In a February 10th front-page story, the Wall Street Journal explains that millions of Americans are trapped in the ACA “coverage gap,” earning too much to qualify for Medicaid but too little to qualify for a subsidy.
This is an all-too-common problem in states that chose not to expand the Medicaid program, leaving people whose earnings fall between the Medicaid and Subsidy household income levels with no good options.
While these individuals are likely exempt from the individual mandate’s tax penalties since the lowest-priced qualified plan available to them (a non-subsidized bronze-level plan) would exceed 8% of their household income, many of these folks would nonetheless like to have health coverage.
The law definitely needs to be fixed to help families who are stuck in the coverage gap, but, in the meantime, agents who are trying to find a solution for their clients may want to recommend a short-term medical plan. These plans do not provide “minimum essential coverage,” but that’s ok since families in the coverage gap are probably exempt from the mandate. Short-term plans are also not guaranteed issue, which creates a problem for people like Ernest Maiden from Birmingham, Alabama, a 57-year-old hair stylist with diabetes who is profiled in the WSJ article.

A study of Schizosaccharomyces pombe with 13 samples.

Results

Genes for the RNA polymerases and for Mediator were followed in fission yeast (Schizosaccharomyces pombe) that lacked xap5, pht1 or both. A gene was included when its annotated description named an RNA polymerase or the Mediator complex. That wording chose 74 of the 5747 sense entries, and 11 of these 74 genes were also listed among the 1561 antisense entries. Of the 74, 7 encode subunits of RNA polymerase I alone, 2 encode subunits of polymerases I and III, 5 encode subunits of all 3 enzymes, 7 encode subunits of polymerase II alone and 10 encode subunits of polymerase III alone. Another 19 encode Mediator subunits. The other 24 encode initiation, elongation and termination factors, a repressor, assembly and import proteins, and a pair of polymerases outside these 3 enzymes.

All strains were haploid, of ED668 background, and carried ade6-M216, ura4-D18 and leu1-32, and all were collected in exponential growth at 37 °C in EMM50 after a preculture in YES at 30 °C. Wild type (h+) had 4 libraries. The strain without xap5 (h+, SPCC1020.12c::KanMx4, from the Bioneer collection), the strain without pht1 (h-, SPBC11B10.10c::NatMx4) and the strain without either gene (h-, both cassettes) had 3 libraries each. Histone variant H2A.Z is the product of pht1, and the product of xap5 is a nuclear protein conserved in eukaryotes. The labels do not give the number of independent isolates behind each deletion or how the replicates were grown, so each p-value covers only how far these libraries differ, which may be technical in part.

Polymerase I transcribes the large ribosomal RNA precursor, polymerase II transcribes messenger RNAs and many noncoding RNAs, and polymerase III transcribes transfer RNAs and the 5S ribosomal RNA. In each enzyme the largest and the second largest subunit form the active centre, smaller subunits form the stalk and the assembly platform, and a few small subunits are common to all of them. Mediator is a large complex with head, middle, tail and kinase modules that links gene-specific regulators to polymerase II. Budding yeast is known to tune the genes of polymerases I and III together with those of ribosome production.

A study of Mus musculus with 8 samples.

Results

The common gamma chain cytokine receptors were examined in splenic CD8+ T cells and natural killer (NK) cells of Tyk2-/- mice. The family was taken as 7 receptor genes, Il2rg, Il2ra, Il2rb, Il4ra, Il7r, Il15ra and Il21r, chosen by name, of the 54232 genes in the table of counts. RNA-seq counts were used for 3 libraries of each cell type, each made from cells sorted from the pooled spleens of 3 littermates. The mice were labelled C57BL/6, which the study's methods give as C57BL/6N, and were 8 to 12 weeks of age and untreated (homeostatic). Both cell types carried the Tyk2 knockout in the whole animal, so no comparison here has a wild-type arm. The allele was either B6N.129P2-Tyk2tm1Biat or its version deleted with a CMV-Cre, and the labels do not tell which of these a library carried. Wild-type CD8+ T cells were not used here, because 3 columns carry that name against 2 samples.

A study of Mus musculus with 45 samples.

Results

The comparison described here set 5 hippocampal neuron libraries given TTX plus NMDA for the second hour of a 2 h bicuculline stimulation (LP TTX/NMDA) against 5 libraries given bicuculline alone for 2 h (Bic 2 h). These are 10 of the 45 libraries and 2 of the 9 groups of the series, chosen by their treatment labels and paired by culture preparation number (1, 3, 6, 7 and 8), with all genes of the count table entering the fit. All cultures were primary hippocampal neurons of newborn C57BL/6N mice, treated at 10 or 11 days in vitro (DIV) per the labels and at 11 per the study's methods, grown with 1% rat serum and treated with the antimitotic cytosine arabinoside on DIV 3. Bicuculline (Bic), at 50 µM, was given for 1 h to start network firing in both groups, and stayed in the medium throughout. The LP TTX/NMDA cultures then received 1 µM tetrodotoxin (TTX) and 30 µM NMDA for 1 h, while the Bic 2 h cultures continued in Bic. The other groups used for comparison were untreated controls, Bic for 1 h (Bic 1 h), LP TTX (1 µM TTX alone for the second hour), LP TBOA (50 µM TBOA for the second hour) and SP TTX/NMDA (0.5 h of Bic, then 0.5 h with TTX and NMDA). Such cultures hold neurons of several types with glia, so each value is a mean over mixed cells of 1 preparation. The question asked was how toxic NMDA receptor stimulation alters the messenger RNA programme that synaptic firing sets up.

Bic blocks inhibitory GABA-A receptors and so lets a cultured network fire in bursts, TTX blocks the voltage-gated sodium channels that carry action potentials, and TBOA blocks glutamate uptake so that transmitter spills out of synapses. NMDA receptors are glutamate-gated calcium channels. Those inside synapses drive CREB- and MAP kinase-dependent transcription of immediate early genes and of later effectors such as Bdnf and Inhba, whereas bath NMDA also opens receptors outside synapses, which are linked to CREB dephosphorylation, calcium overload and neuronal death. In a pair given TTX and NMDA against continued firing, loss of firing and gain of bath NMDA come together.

So these plans won’t be a good solution for everyone, but for lower-income individuals who will qualify, short-term plans can give them some peace of mind at a much lower monthly premium than a qualified individual plan.
Another option that families who fall in the coverage gap may want to consider is a voluntary product like accident or critical illness insurance. While these policies do not provide comprehensive health coverage, they do offer some protection in the event of an accident or an illness at a fraction of the price of a full-blown health plan.
Agents who have a private exchange site are able to sell short-term plans as well as voluntary products along with the major medical policies that qualify for a premium tax credit.